With no end in sight to the nurse recruitment crisis gripping the NHS, I was pleased to hear this week that national efforts to retain the current staff who are keeping the system afloat are being redoubled.
In this job it is very easy to get bogged down in the doom and gloom.
Barely a day goes by without yet another workforce warning being issued in response to a startling new statistic or report.
Nurse vacancy rates are continuing to rise with more than 40,000 posts unfilled in England alone.
“NHS Improvement quite rightly stepped up to the plate last year and launched a new retention programme”
Almost 3,000 more nurses a year are now leaving the NHS than joining it, and this trend is likely to continue.
Student nurse numbers have steadily fallen since the government withdrew bursaries.
With the future looking bleak, NHS Improvement quite rightly stepped up to the plate last year and launched a new retention programme.
As local supply dries up and Brexit poses a threat to the overseas stock, the regulator turned its attention to those nurses already working in the NHS. It offered a helping hand to a small group of trusts in England with higher-than-average nurse turnover.
With the mental health trusts in the scheme, NHS Improvement widened the net to all clinical roles as I was told they have more serious issues with retention.
The aim was to figure out what was driving these employees away and to put plans in place to stop others following the same path, giving trusts access to support from national clinical experts.
With early signs of success, the programme was soon extended to another 70-odd trusts and this week nursing chiefs exclusively told Nursing Times it will be rolled out to all providers in England over the coming months.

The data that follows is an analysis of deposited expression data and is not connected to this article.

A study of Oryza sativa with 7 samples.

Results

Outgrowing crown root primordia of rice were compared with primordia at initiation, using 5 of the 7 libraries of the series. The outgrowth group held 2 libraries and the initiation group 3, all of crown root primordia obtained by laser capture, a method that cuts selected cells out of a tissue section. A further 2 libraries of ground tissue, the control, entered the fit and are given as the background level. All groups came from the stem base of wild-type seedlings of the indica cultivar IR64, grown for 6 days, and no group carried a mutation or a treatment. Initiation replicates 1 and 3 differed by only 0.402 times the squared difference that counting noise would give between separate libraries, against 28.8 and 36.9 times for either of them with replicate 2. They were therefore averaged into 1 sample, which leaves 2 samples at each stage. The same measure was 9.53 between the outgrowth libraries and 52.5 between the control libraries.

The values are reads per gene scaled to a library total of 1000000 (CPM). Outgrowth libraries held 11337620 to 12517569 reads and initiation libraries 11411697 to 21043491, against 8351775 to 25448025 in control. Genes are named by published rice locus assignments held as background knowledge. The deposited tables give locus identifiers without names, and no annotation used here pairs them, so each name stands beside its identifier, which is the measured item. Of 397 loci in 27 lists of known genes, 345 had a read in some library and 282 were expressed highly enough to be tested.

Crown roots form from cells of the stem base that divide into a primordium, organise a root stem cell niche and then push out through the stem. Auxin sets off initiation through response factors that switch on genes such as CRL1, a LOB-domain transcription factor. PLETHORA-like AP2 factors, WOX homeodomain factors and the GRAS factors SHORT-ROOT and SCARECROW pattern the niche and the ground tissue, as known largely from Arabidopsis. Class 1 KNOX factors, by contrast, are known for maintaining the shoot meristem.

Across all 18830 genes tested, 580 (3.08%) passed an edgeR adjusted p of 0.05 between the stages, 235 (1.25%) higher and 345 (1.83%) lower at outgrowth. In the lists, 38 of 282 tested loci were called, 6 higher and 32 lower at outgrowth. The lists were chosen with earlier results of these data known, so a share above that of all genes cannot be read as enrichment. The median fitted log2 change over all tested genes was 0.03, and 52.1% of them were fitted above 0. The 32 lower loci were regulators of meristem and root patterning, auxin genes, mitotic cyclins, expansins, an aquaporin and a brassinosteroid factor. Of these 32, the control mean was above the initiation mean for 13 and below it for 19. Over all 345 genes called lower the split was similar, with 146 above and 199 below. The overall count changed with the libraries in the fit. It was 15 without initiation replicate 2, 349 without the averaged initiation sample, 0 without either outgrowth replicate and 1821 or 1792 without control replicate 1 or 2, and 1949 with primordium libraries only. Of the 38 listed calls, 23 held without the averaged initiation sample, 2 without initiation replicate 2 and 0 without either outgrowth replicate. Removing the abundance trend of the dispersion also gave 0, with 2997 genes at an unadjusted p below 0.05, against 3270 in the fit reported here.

So, what have they learnt from the work so far?
While organisations had their variations, project leader Mark Radford highlighted several themes.
“The scheme also shone a light on the need to harness the potential of the older workforce”
He told me as a general rule, employers will have a better chance of keeping hold of their nurses if they offer flexible contracts (and not just to parents with young children), engage with their frontline nurses and involve them in key decisions, and provide them with opportunities to develop their career and move up the ladder.
The scheme also shone a light on the need to harness the potential of the older workforce rather than sidelining them in the later stretch of their careers.
The trusts involved in the programme have been encouraged to improve their offer to older nurses and make it easier for them to stay on or return to practice past their retirement age.
Mr Radford, director of nursing (improvement) at NHSI, says it is “perfectly achievable” to retain up to 40% of our nurses by enhancing so-called retire-to-return options.
This project is to be welcomed – but it is also long overdue.
Nurses represent the biggest and one of the most trusted professions in the NHS, working miracles every day to keep patients safe while delivering care with an unrivalled level of compassion and empathy.
To allow any nurse to leave the profession because they feel undervalued or unsupported is unacceptable at the best of times. In the current crisis it is unforgivable.